The story of the 1919 Victory Ball disturbance is little known, and is one that Blackpool was happy to forget at the time.
The Blackpool Herald of 3 Jan 1919 announced a “Victory Ball” at the Tower, with the proceeds in aid of the Victoria Hospital. The ball was organised by a civilian committee, but the use of the word “Victory” was about to cause much offence and unrest.
Troops still billeted in town were unhappy with their living conditions and the slow pace of demobilisation. On 8 Jan hundreds of men gathered in Talbot Square to outline their grievances. There were offered a hearing with officers the following day. The Herald of 14 Jan reported that grievances had been addressed, and included the concession that the men need only be in their billets by 10pm instead of 9.30.
The Herald of 14 Jan also published a letter from one of the civilian organisers, Edward Leech of Carlton Terrace, in response to questions he had received surrounding the word “uniform” in the dress code for the ball. Mr Leech clarified that this meant “the dress of officers of His Majesty’s naval and military forces”.
The editorial of the same issue included an interview with Mr Leech in which he stated: “We had no idea that soldiers, other than officers, would wish to attend”. However, Mr Leech said he was now ready to back down and “extend a hearty welcome to all members of His Majesty’s forces”.
The publication of Mr Leech’s letter coincided with a meeting in town of the Comrades of the Great War, where the Leech letter was discussed and a strong protest made about the original stipulation that only officers could attend. It was claimed this was a “direct insult” and a “slur upon the men”, and that if the men could not attend it should not be called a “Victory Ball”.
On 17 Jan (day of the ball) the Herald brought reports of growing unrest. Although the dress stipulation had now been widened to any serving soldier, the offence had already been given. What was more, the Tommies could not afford fifteen shillings for a ticket. The Manchester papers were already reporting this as a “magnificent piece of snobbery that the men do not intend to take lying down”.
On the evening of the ball 300 men gathered in Talbot Square. They protested about the high ticket prices and the slur they considered had been made upon them. The resolution was carried to cheers and the men marched the short distance to the Tower.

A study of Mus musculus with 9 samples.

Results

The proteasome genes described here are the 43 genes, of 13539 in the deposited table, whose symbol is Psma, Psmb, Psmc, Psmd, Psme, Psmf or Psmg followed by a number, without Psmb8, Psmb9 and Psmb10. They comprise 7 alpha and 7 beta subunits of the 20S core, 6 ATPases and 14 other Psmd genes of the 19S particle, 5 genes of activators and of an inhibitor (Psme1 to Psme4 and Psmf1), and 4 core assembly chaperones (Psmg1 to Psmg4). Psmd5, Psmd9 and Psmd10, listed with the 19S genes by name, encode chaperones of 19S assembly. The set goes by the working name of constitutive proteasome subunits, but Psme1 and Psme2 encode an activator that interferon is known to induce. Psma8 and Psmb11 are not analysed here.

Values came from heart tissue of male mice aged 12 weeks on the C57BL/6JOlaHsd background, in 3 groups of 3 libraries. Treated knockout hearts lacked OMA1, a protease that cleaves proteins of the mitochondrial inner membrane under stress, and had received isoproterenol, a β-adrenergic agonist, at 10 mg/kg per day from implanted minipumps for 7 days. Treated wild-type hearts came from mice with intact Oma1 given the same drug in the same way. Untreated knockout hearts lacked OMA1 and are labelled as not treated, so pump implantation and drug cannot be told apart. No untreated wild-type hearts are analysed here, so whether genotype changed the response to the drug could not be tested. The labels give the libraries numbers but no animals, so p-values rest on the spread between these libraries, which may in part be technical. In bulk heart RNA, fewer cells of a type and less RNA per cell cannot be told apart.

Outside the Tower a wooden awning edged the footpath, with electric light bulbs and a new Wilton carpet in red and black. Security consisted of the Blackpool Chief Constable, his assistant, a handful of his men and Tower attendants.
Up to 8.30 a big crowd on the Promenade was content with watching, but the murmurings became more pointed after 9pm when all the guests had entered. Many of the Tommies had brought their girls with them. The mood was boisterous and there was a growing clamour. Some soldiers suggested a deputation to go inside. The Chief Constable sent inside the Tower for the Mayor, Lindsay Parkinson.
Outside there were catcalls, booing, yelling and pushing. The awning began to give way and lightbulbs to smash. One of the soldiers climbed on the bonnet of a car and exclaimed that he and others had bled for their King and country, and why should it be that only officers could attend the ball?
The Mayor came out from the ball. He appealed to the Tommies to be good citizens and said he understood why the men were so incensed. He explained that this was a ball organised by a “little community”, and he promised the men two Victory Balls free of charge. But it was too late.
In the meantime part of crowd had gone to the back of the Tower on Bank Hey Street, smashed a plate glass window and entered, unlocking an unguarded front entrance on their way to the ballroom. Up the stairs with their girls streamed men in khaki, past astonished guests and into the ballroom amid yells of excitement. By now it was 10.30 in the evening.
The dancers looked at the Tommies and the Tommies at the dancers. With objective of entry achieved, and unused to the finery of the ballroom, many of the men went up into the balconies to watch proceedings. During an interval between dances some of the Tommies began to call out “The Tower is free for me and my girl”, “You cannot have a victory without the Tommies”, “Come and see the men who have won the War for you”.
The Mayor came onto the floor to appeal for order. And bravely Mr Leech, the civilian organiser, stepped forward. He said he understood the letter he wrote to the paper had given great offence. He was speaking to soldiers, and hoped they would allow him the right of an Englishman: “I wrote the letter innocently believing that officers could not dance on the same floor as the men”. From the balconies there were catcalls of “Tell the truth”.
Mr Leech tried to redeem himself by explaining that he had been honorary secretary to the Kings Lancashire Military Convalescent Hospital without any charge. He had been Honorary Secretary to every hospital in Blackpool without any charge, and did they think he was such a fool as to insult any man whom he would give his life to defend?
The Mayor then asked the men to come and dance; some guests left, others stayed; some Tommies danced, others wandered the corridors and eventually many went off home deciding there was nothing very interesting in watching others dance. “Surely never was a more extraordinary and contrasting scene ever witnessed in Blackpool” was the Herald’s verdict.
Late in the evening a Captain came on stage. A rumour had gone around that some men had been arrested. This was not true, “We are not out to make trouble for the men tonight”. This was received with cheers. With no prosecutions Blackpool drew a line under what it considered an unfortunate incident. Perhaps one hundred years later we may now suggest this was the Tommies’ final victory?